Walla Walla Union-Bulletin — Disturbing legal trend poses real threat to good journalism across the nation

Walla Walla (Wash.) Union-Bulletin
Updated Aug. 4, 2007

By U-B Editor Rick Doyle

Two recent situations show a disturbing trend among federal investigators and judges to force journalists to turn over information. In one case, a freelance video journalist an

Walla Walla (Wash.) Union-Bulletin
Updated Aug. 4, 2007

By U-B Editor Rick Doyle

Two recent situations show a disturbing trend among federal investigators and judges to force journalists to turn over information. In one case, a freelance video journalist and blogger was jailed for refusing to hand over unaired footage from a July 2005 protest of the G-8 economic summit.

The other case involves two San Francisco Chronicle reporters who are appealing a federal judge's order to jail them until they agree to testify about who leaked them grand jury testimony. The testimony was from Barry Bonds and other athletes in a steroids investigation.

The message is loud and clear. Do what the government tells you to do or else.

While 31 states have some form of shield law (Washington state does not) so journalists can do their jobs, there is no federal shield law.

This is not a good thing for journalists. But, more importantly, it is not a good thing for the public.

There are media companies and journalists who will stand on their principles and inform the public, regardless of the consequences. But there are other companies and journalists who will back away from stories rather than risk being hauled into court or to jail.

Who suffers when the public is uninformed? We all do.

Without someone willing to bring situations to light, things stay hidden and fester.

We can cite examples even before the founding of this country, when in 1734 a colonial jury acquitted John Peter Zenger after he refused to reveal sources for reports of abuses by a British governor.

Would this nation be better off if people had never heard of Watergate, the Pentagon Papers, Iran-Contra or any of the stories in which journalists brought important information to the public's attention?

How many of these situations would have been revealed if the sources of the information feared the journalists would turn them over to authorities or in some way expose them to danger?

The current cases may not rise to that prominence, but they show how easy it would be to keep the public in the dark if journalists are jailed for doing their jobs.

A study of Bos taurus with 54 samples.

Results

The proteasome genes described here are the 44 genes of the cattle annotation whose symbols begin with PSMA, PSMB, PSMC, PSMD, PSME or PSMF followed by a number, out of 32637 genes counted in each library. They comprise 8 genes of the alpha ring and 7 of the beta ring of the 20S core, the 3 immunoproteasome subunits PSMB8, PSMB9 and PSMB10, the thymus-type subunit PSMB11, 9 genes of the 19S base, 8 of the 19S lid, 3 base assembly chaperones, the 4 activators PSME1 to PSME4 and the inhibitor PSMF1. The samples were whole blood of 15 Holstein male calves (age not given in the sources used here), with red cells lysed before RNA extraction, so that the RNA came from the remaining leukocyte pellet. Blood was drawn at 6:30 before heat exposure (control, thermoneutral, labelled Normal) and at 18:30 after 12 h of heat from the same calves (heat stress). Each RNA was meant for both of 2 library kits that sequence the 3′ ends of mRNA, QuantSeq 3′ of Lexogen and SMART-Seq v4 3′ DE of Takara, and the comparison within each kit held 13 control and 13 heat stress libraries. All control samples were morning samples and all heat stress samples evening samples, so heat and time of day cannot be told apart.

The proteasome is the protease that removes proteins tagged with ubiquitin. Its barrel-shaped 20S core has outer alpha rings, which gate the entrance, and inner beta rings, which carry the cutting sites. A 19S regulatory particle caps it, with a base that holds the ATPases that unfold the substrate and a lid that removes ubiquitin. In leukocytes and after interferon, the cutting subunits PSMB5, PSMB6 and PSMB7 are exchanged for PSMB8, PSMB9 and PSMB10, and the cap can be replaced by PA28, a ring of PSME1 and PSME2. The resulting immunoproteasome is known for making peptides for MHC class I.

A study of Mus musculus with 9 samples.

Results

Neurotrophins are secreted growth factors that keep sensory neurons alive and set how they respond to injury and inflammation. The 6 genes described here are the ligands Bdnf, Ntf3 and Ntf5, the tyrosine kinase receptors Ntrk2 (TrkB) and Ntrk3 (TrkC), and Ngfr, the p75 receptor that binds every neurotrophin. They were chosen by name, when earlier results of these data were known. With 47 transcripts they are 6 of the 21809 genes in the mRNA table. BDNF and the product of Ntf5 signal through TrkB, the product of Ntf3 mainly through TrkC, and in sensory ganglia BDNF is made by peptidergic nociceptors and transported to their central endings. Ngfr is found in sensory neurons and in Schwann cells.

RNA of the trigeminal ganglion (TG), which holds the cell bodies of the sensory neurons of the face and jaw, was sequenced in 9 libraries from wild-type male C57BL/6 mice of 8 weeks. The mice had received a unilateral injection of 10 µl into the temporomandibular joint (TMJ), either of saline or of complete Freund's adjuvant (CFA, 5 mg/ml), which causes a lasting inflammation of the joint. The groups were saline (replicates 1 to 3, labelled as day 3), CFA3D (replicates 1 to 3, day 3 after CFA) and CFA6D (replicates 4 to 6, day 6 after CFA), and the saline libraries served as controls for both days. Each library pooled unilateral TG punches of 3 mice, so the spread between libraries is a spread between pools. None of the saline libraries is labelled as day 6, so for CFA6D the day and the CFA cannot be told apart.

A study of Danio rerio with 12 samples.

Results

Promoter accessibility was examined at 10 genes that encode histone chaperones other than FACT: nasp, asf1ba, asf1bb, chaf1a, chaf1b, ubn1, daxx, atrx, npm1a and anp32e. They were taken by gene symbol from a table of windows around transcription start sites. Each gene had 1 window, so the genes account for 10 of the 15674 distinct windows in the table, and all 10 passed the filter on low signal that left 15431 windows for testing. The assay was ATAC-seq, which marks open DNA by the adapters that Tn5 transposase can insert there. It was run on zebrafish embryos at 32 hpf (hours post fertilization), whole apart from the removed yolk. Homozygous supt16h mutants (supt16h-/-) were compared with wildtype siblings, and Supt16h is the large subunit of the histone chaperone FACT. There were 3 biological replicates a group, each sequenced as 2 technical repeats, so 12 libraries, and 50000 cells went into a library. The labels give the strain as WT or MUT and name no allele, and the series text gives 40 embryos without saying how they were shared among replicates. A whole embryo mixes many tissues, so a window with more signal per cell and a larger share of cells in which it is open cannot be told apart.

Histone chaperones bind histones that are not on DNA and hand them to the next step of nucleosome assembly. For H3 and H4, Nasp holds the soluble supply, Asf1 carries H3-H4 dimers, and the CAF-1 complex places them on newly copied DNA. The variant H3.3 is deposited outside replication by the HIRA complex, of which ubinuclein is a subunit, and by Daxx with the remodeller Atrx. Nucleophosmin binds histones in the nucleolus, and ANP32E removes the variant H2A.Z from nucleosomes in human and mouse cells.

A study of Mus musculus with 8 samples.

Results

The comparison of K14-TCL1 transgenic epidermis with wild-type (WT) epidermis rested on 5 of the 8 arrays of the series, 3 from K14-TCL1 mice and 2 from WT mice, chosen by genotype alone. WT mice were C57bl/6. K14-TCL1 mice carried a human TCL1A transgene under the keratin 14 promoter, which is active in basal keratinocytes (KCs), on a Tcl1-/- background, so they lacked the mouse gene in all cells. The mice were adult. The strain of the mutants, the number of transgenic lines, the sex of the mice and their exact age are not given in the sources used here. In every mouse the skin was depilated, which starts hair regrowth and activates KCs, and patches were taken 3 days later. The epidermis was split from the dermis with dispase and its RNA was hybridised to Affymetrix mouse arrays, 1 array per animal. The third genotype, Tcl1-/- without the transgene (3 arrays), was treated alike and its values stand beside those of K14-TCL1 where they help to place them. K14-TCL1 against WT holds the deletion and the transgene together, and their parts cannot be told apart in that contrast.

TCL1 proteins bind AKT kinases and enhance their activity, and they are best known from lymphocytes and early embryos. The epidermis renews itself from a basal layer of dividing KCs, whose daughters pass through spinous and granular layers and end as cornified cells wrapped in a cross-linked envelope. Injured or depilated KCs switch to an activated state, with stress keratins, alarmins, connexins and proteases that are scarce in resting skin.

Times like these always renew efforts to pass a federal shield law. But as simple as that solution sounds, it is fraught with peril and complexities.

First, it puts journalists in an awkward position of needing the help of government officials while also needing to keep sufficient distance to not be seen as beholden to those they report on.

The beauty of the American system is it includes checks and balances. The executive, legislative and judicial branches of government are designed to keep any branch from overstepping its bounds. The media, often referred to as the Fourth Estate, has assumed the responsibility for being the watchdog of this process and keeping the public in whose name government functions aware of what transpires.

Journalists are not part of the government. They are not part of law enforcement. They are not participants.

They are independent observers working to keep the public informed.

Certainly the media have the same rights as any business or group to lobby for changes in laws. The difference is the media are the ones who make sure the lobbying of others doesn’t cross the line into influence-peddling, bribes or blackmail. A delicate balancing act at best when the media become part of the process they cover.

Second, and perhaps the most difficult issue, is trying to define who qualifies as a journalist.

It would be easy to define a journalist as a person working for a newspaper, magazine or radio station. But then what about a person whose work is published on a media Web site? Wouldn't that person be a journalist? What if the work is published on his/her Web site?

If a person writing on a Web site qualifies a journalist, what about a blogger? Or a freelance writer? Or a nonfiction book author? Or a student journalist? Or a documentary filmmaker? Or any person who gathers information with the intention of passing it on to others?

Suddenly, almost everyone could be considered a journalist.

In trying to narrow the field, the conversation often drifts to definitions such as a “person trained in journalism.” However, this could eliminate anyone who didn't go to college or who didn't graduate with a journalism degree.

Some people suggest journalists should have to pass a test and be licensed like a doctor, lawyer or plumber.

Under this scenario, you would have government officials deciding who can and can’t be journalists. In other words, they could decide who could report on them. That is a relationship journalists would find intolerable, and it would be a clear violation of the First Amendment.

So I throw the question to you: How do you craft a law that would define “journalist” and that would allow journalists to gather and disseminate information without becoming an extension of the government or law enforcement? How can the law make clear that journalists are the emissaries of the public, operating in behalf of the public's right to know?

Until we can answer those questions, journalists will have to engage in acts of civil disobedience by refusing to become a part of the government system. And they must be willing to accept the consequences for the greater good.